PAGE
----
HOPE: Research from Andrews University reviewing results from a number of youth outreach programs showed that teens who performed community service or service learning programs were less likely to engage in risky sexual behavior and fewer teens became pregnant.  When teens fill their lives with positive behaviors, they’re less inclined toward negative ones.

FACT: More than one-third of teens in the U.S. are underage drinkers while nearly one-fourth have smoked marijuana. Nearly 16 percent smoke. 
HOPE: Teens who engage in social activities, and particularly community service, have lower rates of illicit drinking and smoking, both tobacco and marijuana, according to the Andrews study. Instead of focusing entirely on programs that entertain your children or church youth group, get them involved in reaching out to others. Plus, kids who participate in community service are more likely to do so as adults.   

FACT: For senior citizens living alone, social isolation and lack of interaction with others results in higher rates of infection, depression, mental alertness and death. 
HOPE: Seniors who volunteer have lower mortality rates, greater life satisfaction and are better able to cope with loss, according to a report by the Corporation for National & Community Service.  In addition, those 65 and older who volunteer are less likely to be depressed, according to the report. As Is. 58:10 says, “If you pour yourself out for the hungry and satisfy the desire of the afflicted, then shall your light rise in the darkness and your gloom be as the noonday.”

FACT: Each year, about 720,000 Americans suffer heart attacks,  more than one in five adults late 40s-late 80s experiences chronic pain,  and each year more than 795,000 people suffer from strokes .
HOPE: Volunteering lessens the impact of depression on those who have suffered from heart attacks and reduces disability and depression for those who suffer from chronic pain.5 And for a group of stroke survivors, serving as peer supporters for other stroke victims increased their feelings of usefulness and well-being and helped them reintegrate into the community following their illness.  As it turns out, helping others is a gift we give ourselves. 

References:
  1. U.S. Department of Health and Human Services. (2014). Trends in teen pregnancy and childbearing. Retrieved from http://www.hhs.gov/ash/oah/adolescent-health-topics/reproductive-health/teen-pregnancy/trends.html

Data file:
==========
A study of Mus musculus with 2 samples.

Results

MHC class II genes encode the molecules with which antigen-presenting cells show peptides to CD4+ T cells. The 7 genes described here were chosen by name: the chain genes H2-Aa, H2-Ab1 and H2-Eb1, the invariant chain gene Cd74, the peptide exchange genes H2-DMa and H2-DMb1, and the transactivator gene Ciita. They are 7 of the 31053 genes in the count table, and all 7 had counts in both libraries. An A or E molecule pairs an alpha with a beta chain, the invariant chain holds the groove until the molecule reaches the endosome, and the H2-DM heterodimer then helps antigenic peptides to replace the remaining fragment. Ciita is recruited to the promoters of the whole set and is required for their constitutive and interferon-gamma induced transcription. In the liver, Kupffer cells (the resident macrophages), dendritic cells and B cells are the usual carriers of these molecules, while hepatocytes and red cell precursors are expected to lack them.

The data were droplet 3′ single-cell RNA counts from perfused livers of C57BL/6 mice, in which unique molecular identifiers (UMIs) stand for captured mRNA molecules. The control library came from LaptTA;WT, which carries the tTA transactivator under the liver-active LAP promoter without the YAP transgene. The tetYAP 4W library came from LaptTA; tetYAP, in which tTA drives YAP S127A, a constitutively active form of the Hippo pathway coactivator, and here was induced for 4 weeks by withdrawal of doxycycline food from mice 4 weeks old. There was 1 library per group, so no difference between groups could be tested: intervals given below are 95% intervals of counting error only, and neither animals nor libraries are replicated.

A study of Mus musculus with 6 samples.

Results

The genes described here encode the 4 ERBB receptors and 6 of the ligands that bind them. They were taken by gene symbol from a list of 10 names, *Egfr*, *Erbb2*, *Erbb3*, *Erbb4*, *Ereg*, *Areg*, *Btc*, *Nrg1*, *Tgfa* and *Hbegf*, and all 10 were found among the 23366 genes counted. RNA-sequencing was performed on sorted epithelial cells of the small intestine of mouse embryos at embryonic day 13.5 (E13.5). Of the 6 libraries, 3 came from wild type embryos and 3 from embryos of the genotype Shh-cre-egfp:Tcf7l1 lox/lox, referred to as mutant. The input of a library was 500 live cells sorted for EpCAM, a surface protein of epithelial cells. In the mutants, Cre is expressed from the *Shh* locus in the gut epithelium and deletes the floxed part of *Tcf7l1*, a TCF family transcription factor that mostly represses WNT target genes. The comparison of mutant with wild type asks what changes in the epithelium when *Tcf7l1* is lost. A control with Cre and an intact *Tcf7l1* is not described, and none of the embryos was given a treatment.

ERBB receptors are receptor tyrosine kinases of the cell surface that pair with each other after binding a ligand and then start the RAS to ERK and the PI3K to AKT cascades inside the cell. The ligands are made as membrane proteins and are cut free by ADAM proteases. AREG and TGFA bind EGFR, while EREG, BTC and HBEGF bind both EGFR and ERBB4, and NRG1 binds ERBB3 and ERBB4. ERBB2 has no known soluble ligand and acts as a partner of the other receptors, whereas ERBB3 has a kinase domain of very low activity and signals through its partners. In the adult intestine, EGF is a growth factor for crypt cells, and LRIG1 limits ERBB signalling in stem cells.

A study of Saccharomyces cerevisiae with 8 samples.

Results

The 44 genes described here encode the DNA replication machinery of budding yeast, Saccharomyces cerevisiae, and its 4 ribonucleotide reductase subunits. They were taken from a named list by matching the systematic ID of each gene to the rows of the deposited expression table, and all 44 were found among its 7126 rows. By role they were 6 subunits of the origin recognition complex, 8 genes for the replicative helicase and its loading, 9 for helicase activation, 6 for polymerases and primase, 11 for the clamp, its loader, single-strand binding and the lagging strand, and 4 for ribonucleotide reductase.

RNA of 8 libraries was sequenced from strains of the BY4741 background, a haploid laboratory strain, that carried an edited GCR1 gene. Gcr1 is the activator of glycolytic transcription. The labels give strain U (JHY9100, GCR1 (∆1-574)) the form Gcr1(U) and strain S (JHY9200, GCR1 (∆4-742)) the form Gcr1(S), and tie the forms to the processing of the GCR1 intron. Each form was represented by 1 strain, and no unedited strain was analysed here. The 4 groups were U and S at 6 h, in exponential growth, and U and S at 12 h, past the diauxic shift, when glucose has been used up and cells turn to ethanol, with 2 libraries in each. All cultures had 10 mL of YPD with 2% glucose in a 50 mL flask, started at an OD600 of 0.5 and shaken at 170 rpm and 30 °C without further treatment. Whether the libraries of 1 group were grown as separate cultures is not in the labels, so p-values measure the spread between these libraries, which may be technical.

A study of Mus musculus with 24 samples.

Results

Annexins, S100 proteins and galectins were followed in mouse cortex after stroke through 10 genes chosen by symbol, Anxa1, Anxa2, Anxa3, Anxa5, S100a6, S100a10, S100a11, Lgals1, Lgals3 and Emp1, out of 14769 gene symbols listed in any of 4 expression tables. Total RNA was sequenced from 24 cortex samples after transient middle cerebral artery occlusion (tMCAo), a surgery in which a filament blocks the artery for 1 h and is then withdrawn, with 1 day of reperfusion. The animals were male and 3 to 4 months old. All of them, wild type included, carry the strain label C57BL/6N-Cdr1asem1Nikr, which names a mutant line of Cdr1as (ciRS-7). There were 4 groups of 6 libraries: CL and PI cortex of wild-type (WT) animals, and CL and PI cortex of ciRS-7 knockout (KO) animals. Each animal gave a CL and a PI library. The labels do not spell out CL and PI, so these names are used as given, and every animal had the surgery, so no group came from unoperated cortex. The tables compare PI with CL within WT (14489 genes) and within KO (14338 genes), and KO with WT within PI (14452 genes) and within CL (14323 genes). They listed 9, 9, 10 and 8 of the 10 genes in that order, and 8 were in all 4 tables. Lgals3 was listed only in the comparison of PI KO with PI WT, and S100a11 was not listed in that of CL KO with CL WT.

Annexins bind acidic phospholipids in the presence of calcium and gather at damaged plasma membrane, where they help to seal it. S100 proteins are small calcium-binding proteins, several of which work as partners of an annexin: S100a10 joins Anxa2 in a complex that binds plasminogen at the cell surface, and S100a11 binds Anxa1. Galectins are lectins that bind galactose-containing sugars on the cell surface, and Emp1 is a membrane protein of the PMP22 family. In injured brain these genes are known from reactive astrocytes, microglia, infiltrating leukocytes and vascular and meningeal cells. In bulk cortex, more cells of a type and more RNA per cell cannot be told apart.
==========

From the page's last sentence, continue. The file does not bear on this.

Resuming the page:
2. MedlinePlus. Retrieved from http://www.nlm.nih.gov/medlineplus/ency/article/001516.htm
  3. Hopkins, McBride, Featherston, Gleason & Moreno. (May, 2014). Benefits to adolescents who perform community service: a perspective from adolescent health researchers. Montana Lawyer. Retrieved from http://www.andrews.edu/services/ipa/documents-scientificpublication/montana_lawyer_may_2014.pdf
  4. Centers for Disease Control and Prevention. (June, 2014) Youth Risk Behavior Surveillance—United States, 2013. Morbidity and Mortality Weekly Report
  5. Hart, Donnelly, Youniss, Atkins. (March, 2007). High school community service as a predictor of adult voting and volunteering. American Educational Research Journal.
  6. Cornwell & Waite. (March, 2009). Social disconnectedness, perceived isolation and health among older adults. Journal of Health and Social Behavior. Retrieved from http://www.ncbi.nlm.nih.gov/pmc/articles/PMC2756979/
  7. Corporation for National & Community Service. (2007). The health benefits of volunteering. Retrieved from http://www.nationalservice.gov/pdf/07_0506_hbr.pdf
  8. Centers for Disease Control and Prevention. Heart disease facts. Retrieved from http://www.cdc.gov/heartdisease/facts.htm
  9. Gallup. (April, 2012). Chronic pain rates shoot up until Americans reach late 50s. Retrieved from http://www.gallup.com/poll/154169/chronic-pain-rates-shoot-until-americans-reach-late-50s.aspx
  10. CDC. Stroke facts. Retrieved from http://www.cdc.gov/stroke/facts.htm
  11. Kessler, Egan & Kubina. (June, 2014). Peer support for stroke survivors: a case study. BMC Health Services Research.